In a world where confidentiality and integrity are a vital part of who we are, it is vital that new and improved methods of keeping data private are continuously on the increase. Biometric implementation actively decreases fraud while proactively increasing convenience and speed of services. A case study by “RightPatient” an Iris biometric modality technique saw “close to a dozen cases prevented at each of their respective locations” (M2sys.com, 2018)
for medical identity fraud.
IoT is to blame for the increase in security for these multimedia devices. Two-step verification allows users to increase user security whilst increasing the productivity of the environment. If a first-time user is to set up a password for internet banking and they are told to create a sophisticated password, without having any education on what a sophisticated password should contain – could lead to problems in the future. Biometrics do not solve the issue, yet they do enhance the problem of forgetting a password. Moreover, a biometric form of authentication and authorisation allows for users to forget their passwords and use security questions as a form of backup. Two factor authentication is still is not fraud-proof, users are just increasing the number of times they are typing in their password.
In the case of Apple using Touch ID on their mobile phones, tablets and now MacBook’s, this has shown a wide acceptance to biometric security. However, many choose to stick to the conventional four-digit passcode. Cracking the passcode was easier as there were a finite number of combinations (10,000).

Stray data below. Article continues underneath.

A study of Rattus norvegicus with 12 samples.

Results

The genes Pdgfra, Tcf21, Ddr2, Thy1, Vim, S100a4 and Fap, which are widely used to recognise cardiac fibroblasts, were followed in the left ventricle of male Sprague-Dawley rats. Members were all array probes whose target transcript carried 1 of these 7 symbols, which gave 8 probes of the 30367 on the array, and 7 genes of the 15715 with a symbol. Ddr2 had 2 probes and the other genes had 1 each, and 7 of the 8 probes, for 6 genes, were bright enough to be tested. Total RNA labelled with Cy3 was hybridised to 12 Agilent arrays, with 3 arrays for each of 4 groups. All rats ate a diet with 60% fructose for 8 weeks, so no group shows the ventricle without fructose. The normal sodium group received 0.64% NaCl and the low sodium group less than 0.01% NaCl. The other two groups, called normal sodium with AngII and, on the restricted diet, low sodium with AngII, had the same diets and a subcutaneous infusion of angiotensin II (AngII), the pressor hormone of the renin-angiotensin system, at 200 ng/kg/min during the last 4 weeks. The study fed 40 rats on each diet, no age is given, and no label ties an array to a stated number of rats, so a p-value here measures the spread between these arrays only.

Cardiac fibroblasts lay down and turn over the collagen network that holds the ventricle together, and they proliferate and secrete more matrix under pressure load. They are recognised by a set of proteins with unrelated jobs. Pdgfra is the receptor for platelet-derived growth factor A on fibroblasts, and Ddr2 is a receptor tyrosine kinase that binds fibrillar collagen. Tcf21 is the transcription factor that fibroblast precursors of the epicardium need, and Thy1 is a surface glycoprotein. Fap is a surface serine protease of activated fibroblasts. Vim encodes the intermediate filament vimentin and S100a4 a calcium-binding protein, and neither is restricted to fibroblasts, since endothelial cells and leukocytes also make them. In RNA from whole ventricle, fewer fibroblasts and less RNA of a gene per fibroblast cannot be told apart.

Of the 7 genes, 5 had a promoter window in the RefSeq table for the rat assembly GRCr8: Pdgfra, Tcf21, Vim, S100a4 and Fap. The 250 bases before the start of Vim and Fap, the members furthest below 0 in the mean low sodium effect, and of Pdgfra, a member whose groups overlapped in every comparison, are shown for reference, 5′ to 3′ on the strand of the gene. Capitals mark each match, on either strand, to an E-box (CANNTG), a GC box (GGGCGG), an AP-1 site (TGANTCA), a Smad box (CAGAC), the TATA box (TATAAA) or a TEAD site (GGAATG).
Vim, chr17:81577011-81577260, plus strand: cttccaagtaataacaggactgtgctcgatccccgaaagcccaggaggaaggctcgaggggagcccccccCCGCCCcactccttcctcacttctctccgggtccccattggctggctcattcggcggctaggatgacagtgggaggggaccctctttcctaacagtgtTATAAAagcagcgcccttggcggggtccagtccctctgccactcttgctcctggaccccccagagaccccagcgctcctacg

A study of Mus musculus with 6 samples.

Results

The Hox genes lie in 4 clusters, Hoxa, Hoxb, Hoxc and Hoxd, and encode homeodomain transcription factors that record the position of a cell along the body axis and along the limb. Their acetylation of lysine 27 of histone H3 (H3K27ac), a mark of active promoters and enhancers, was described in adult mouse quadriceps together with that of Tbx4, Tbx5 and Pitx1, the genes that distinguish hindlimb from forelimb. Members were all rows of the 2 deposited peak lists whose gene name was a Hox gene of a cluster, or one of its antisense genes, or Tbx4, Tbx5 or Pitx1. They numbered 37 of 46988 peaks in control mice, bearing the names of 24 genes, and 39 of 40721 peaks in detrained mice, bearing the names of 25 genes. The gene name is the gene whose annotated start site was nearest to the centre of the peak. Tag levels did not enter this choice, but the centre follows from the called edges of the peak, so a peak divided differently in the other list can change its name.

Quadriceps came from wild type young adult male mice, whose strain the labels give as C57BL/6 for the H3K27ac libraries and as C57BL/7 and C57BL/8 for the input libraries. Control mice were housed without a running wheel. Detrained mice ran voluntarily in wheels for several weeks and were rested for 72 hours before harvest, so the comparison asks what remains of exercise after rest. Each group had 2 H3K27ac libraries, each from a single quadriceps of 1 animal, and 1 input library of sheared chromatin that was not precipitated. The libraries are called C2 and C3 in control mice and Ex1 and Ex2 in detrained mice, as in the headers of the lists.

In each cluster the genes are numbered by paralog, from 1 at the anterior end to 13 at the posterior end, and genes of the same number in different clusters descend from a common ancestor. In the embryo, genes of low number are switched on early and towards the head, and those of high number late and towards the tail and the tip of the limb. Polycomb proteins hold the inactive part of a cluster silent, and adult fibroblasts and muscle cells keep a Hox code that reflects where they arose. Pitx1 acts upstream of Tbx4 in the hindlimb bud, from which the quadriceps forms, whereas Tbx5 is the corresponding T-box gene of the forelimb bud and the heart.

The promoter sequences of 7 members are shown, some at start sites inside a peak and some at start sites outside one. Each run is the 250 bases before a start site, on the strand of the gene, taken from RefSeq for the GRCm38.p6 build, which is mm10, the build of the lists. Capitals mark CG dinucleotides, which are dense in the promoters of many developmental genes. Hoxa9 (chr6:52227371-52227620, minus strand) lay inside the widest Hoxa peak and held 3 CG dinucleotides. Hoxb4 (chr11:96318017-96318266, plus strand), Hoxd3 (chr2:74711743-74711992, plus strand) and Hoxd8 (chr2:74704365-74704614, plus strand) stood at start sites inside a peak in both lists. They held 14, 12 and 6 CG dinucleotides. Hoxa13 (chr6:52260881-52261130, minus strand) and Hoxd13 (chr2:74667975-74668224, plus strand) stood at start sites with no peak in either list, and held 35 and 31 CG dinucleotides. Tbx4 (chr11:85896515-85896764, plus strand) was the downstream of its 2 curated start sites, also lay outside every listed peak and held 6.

Two types of provisioning are used to biometrics which are verification and identification. When a user is showing a form of identification that they claim to be themselves, the system is then trying to verify this. “I already know who you claim to be, I just need to verify that it’s true.” (Veridium, 2018). This is known as a 1:1 match. This is usually found at airport control; the passenger provides a passport with biometric data which will be scanned against the database to prove who they are.
Whilst; identification is a 1: n as the system accepts the biometric and compares it to many templates within the database. The system may return several results for the individual which can then be filtered down. The system doesn’t necessarily have any pre-knowledge of who the person might be. The UK government hold biometric data on convicted criminals and those who may have voluntarily given DNA or biometric data.